A Kansas bomb plot has been thwarted after a man allegedly planned to go through with a suicide bomb attack at Wichita's Mid-Continent Airport on Dec. 13. According to ABC News Feb. 7, U.S. District Judge Monti Belot "granted the prosecution's request for a protective order in the case of Terry Loewen, a 58-year-old avionics technician charged with plotting to attack."

Government evidence against Belot was enough to charge him with "attempting to use a weapon of mass destruction, attempting to use an explosive device to damage property and attempting to give material support to al-Qaida." Belot has plead not guilty to his role in the Kansas bomb plot.

Loewen was the subject of an undercover sting operation for months before his arrest. According to prosecutors, his intention was to cause "maximum carnage" during the holiday season when he tried driving a van full of inert explosives onto the airport's runway.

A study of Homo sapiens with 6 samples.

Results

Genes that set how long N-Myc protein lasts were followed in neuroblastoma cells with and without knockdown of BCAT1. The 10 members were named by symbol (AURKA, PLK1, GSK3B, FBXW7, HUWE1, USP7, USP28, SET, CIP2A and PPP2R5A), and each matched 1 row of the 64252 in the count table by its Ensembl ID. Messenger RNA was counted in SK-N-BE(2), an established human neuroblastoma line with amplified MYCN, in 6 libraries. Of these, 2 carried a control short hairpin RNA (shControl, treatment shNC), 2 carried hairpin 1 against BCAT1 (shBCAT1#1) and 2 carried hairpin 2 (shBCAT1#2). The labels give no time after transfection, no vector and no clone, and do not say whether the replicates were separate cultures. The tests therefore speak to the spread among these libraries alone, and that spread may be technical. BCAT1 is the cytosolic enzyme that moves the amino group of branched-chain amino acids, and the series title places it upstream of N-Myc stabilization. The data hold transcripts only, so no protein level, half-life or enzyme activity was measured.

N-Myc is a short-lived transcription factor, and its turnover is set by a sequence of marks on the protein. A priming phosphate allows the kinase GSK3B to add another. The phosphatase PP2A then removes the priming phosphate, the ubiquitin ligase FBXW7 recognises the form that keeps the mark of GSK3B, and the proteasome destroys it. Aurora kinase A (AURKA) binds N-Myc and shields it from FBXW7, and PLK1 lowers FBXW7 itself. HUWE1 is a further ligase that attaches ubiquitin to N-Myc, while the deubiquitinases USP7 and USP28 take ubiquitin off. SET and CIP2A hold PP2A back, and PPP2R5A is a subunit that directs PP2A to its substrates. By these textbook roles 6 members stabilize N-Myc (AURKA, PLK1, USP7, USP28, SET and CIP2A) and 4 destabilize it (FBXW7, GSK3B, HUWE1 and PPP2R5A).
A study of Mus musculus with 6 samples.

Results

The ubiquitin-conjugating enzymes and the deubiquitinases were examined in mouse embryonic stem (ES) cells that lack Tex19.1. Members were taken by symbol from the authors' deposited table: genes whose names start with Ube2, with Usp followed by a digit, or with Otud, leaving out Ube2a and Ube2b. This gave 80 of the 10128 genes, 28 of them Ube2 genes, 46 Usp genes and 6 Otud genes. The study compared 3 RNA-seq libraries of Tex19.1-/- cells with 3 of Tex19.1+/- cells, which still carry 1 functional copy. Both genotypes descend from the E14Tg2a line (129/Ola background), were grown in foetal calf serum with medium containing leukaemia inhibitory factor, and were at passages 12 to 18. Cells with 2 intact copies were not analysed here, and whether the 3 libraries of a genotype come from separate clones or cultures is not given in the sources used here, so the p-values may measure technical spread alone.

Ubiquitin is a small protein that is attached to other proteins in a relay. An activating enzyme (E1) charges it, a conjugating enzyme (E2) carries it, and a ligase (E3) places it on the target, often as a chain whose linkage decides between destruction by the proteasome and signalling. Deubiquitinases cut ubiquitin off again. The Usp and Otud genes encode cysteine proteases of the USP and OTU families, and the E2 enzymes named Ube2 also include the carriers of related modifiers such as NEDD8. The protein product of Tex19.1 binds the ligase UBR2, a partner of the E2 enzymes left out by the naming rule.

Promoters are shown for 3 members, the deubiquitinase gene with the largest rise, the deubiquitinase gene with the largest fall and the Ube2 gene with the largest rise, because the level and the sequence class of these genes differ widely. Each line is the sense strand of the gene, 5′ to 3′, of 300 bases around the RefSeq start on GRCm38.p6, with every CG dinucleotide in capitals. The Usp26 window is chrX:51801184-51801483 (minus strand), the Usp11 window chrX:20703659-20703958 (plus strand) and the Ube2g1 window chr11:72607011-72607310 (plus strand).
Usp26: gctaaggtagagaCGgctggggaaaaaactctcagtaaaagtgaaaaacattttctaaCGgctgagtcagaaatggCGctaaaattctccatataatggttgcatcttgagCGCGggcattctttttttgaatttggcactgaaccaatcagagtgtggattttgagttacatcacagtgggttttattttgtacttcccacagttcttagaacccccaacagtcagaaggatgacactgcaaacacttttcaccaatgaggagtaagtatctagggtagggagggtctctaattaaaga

The judge's ruling Friday means that the Kansas bomb plot evidence is handled as sensitive information. It "forbids making available any materials provided by the government in the case to those who aren't involved, and it allows Loewen to have access to the material only in the presence of his attorney, who must retain possession of the evidence."

It also protects undercover agents who formed a friendship with Loewen during his plot activities prior to his arrest. Once the case is resolved, all information is to be destroyed and erased.

A lot of lives were saved when federal and government officials intervened in the Kansas bomb plot. If Terry Loewen had not been stopped and detained when he was, who knows how many deaths would have occurred on Dec. 13.